Crazy Excuses for Bad Credit Scores

Here's a sampling of things not to say to loan officers—all of them said by real people trying to explain away their credit sins.
By ALAN FARNHAM / ABC News

A borrower whose loan payments were chronically late explained he had a good excuse: "My wife and I were abducted by aliens and implanted with a device."

Another man, explaining to a mortgage lender why he had a bad credit score, sent a 10-page letter citing a wide variety of reasons, including that he had discovered he was married to the devil. He said he should have know that, though, because his marriage license was number 666. Oh, and he had gout, and had hurt his back.

If you think those are rich, Karen Deis has a million of them.

Deis trains loan originators on direct marketing to consumers. As president of LoanOfficerTraining.com, she keeps underwriters and loan officers current on lending rules and guidelines. Recently she invited her clients to send in the most outrageous excuses they had received from borrowers explaining why they were late with payments, had bad credit scores or were suffering from other blemishes on their credit records.

Choice examples from the list appear below.

Deis is especially fond of a letter written by a woman who explained to a potential lender, "It wasn't my pot pipe that started the fire. It was my boyfriend's." Says Deis, "A lot of this stuff is the truth, unfortunately. Not everybody is an author or can explain themselves very well. That inability affected these people's ability to get credit or to buy a home."


She advises anybody trying to dig themselves out of hole to do two things: First, be sure you can document anything you claim. Second, before you put pen to paper, talk to a loan officer.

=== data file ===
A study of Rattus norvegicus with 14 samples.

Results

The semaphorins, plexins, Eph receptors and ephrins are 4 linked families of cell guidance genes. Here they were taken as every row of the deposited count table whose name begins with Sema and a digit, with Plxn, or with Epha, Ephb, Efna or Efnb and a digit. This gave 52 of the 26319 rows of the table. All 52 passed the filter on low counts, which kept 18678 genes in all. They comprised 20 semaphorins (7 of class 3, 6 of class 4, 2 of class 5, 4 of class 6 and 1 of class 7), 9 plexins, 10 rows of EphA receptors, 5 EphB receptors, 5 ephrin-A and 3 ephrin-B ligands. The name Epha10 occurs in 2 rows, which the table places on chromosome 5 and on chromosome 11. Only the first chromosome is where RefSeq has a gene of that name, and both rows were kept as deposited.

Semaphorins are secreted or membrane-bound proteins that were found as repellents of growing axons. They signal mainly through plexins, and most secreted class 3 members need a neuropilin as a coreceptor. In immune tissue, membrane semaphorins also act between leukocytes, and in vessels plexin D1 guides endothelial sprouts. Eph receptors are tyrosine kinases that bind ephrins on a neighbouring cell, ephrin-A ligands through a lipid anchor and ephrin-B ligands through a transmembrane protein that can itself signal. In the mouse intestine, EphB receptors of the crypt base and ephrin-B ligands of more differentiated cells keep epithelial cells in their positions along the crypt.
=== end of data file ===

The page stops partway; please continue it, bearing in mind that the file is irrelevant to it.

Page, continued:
A loan officer, she explains, can held a consumer understand what problems or deficiencies matter to the lender and which do not. There's no need to explain the ones that don't. As for the ones that do, it's part of a loan officer's job to help the applicant explain them; he or she can actually help you write your explanatory letter. Chances are, he or she will be more experienced at this kind of writing than you.

Okay, here's a sampling of things not to say—all of them said by real people trying to explain away their credit sins:

-"We decided to pay off our credit card debt and stopped making our house payment for a year."

"I stopped making credit card payments and filed bankruptcy because I didn't want any debt when I buy a house…I should get approved, right?"

"I pay late fees every month, so that should get me a better credit rating."

"My car broke. I stopped making payments. Wanted them to come and get their junk car."

"The construction workers moved my mailbox and could not find it for three months."

"I thought she was payin' it—she thought I was payin' it."

"The bill was always due at a bad time of the month."

"I make all my payments on time…to the collection agencies."

Borrower explaining late payment of Mobil Credit Card: "I got bad gas."

"The stamp fell off my payment envelope."